IN SAFE HANDS: Princess, a lesser frigatebird, was found in Armidale after the storms, and is now in the care of Australian Seabird Rescue at Ballina. It will be released once it recovers from exhaustion.
IN SAFE HANDS: Princess, a lesser frigatebird, was found in Armidale after the storms, and is now in the care of Australian Seabird Rescue at Ballina. It will be released once it recovers from exhaustion. Marc Stapelberg

Ballina volunteers nurse Princess to health after storms

IT WAS more than just people who had to be rescued as a result of the weekend's wild weather.

Australian Seabird Rescue in Ballina now has three coastal birds in its care, and they're expecting more marine life to come in.

"We had quite a few birds coming in over the weekend that were just exhausted from being washed up with the big swell that we had and the floods," general manager Kathrina Southwell said.

"We still haven't had any turtles that have come into care, which is quite unusual, but we're expecting this weekend, now that people will be returning to the beaches, that the turtles will come back."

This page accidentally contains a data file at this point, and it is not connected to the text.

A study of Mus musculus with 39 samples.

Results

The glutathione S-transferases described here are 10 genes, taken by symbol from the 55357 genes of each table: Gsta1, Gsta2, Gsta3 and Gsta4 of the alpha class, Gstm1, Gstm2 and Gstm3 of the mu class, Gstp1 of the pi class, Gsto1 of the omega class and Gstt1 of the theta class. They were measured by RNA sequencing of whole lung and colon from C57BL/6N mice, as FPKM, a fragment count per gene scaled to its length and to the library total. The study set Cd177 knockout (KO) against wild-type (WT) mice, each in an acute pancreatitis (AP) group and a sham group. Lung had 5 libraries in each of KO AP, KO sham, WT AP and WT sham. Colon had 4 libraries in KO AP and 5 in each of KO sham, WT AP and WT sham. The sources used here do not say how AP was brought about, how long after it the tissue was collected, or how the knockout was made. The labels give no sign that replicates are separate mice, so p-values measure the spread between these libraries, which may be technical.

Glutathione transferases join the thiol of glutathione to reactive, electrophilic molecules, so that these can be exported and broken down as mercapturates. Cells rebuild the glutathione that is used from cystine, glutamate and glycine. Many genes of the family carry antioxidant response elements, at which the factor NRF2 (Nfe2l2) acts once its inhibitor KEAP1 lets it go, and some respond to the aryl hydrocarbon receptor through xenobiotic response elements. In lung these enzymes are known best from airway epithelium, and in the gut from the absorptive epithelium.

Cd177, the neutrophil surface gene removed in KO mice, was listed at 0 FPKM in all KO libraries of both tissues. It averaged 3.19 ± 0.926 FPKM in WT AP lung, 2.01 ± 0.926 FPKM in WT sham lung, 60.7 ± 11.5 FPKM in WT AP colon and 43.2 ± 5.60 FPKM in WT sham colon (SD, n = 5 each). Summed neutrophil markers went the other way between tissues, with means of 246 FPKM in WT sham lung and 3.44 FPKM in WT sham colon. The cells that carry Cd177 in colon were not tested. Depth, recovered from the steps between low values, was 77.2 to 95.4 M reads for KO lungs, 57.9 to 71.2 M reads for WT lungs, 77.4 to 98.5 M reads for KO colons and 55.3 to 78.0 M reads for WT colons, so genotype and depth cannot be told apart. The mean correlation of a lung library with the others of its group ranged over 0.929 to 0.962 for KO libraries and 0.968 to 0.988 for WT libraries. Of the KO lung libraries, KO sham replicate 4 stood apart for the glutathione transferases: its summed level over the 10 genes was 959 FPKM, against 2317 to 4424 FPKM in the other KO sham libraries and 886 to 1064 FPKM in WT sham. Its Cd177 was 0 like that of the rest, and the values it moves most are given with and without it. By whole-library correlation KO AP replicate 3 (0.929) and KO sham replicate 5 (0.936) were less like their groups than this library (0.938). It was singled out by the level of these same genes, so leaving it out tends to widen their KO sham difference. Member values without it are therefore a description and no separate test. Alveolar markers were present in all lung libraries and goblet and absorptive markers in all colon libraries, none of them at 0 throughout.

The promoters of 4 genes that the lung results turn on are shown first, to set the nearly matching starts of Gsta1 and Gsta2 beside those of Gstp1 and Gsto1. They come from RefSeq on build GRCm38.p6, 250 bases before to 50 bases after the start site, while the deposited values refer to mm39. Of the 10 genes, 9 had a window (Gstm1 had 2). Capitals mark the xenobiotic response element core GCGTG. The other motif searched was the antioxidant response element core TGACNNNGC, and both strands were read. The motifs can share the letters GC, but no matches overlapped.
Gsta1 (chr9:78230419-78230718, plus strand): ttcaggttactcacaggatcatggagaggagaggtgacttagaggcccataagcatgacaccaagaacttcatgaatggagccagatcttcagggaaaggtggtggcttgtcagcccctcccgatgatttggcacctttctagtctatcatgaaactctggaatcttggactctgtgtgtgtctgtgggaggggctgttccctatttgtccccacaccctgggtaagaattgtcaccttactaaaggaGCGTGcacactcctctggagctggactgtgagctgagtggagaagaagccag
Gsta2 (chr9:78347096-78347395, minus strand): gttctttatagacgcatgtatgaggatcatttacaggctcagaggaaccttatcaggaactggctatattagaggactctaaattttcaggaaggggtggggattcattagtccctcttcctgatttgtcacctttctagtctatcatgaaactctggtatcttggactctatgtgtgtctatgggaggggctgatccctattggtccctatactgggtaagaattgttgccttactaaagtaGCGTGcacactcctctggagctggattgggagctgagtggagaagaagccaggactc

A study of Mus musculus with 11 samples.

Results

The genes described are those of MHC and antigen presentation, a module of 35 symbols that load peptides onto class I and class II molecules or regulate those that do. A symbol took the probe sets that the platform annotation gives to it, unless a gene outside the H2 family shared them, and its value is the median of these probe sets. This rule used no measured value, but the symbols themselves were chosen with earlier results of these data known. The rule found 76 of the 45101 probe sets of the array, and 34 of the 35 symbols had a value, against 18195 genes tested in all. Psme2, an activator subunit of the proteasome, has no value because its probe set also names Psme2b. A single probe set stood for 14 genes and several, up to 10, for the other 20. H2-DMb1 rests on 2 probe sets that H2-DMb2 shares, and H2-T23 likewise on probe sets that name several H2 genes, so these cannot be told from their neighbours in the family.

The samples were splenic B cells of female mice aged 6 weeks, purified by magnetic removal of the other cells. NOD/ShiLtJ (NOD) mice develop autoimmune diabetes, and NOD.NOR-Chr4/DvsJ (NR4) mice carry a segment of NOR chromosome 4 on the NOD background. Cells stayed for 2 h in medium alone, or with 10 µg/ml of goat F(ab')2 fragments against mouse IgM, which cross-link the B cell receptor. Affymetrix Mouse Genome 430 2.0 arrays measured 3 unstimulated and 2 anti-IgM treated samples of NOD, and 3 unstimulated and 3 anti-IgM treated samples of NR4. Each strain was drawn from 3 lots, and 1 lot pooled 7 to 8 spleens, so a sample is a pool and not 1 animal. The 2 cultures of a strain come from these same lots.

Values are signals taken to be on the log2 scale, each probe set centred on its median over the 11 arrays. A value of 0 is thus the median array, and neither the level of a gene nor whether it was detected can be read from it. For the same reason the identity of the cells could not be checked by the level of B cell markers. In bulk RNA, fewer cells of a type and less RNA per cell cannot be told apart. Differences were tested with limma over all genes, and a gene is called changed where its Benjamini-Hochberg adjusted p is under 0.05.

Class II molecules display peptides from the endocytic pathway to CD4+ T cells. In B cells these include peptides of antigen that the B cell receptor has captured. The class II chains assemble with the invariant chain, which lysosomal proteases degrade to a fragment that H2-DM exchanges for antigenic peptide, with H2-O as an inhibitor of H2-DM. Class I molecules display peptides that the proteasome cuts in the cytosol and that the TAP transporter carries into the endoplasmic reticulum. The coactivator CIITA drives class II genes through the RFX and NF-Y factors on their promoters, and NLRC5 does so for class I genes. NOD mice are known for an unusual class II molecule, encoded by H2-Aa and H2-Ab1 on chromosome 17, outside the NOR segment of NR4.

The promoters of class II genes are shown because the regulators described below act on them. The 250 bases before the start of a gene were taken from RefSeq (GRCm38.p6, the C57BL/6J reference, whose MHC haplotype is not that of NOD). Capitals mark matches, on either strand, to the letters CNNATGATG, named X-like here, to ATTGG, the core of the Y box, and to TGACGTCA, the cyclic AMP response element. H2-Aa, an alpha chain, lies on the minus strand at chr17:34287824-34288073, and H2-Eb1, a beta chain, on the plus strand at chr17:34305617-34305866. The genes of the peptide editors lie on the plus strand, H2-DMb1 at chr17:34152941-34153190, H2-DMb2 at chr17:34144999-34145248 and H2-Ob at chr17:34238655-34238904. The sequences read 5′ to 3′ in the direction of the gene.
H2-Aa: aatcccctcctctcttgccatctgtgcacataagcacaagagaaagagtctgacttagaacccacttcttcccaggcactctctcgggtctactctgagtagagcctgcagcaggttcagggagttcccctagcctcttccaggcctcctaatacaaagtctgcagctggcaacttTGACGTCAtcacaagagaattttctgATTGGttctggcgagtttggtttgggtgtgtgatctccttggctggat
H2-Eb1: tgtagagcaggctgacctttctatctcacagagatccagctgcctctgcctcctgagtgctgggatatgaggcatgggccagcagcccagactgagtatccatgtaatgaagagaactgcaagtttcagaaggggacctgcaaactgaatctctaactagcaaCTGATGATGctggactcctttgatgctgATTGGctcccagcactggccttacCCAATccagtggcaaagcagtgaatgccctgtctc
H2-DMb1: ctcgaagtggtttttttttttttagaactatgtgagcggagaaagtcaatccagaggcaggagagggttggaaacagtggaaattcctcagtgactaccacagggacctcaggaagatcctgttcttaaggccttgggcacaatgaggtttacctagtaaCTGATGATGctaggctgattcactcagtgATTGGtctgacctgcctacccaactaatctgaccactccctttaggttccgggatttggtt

The most unusual, and a first for Seabird Rescue, is a female lesser frigatebird, temporarily dubbed Princess.

"It's a lesser frigatebird and it was found in Armidale, which is way inland and you don't usually find frigatebirds anywhere that far inland," Ms Southwell said.

"But we think what happened is once the East Coast Low came in, it just got swept out inland and then was just totally exhausted.

"So she's had a quite an adventure."

Ms Southwell said frigatebirds were found all along the coastline and were known to steal other seabirds' food.

"The females, more so than the males, will actually dive down and make other seabirds that have just recently caught fish, regurgitate it ... and then they'll eat that regurgitated fish," she said.

The females have white underbellies and males have a distinctive red gular pouch, which they inflate during the breeding season to attract females.

Following the weekend storms, Australian Seabird Rescue also took in two pied cormorants, one found on Seven Mile Beach and one with a neck wound that Ms Southwell said was healing well.

She urged anyone who came across an animal on the beach that's in distress to phone Australian Seabird Rescue on 0428862852, particularly if it's a sea turtle which will only come on land if they're sick.

Seabird Rescue is a volunteer and community organisation that relies on donations. Visit www.seabirdrescue.org.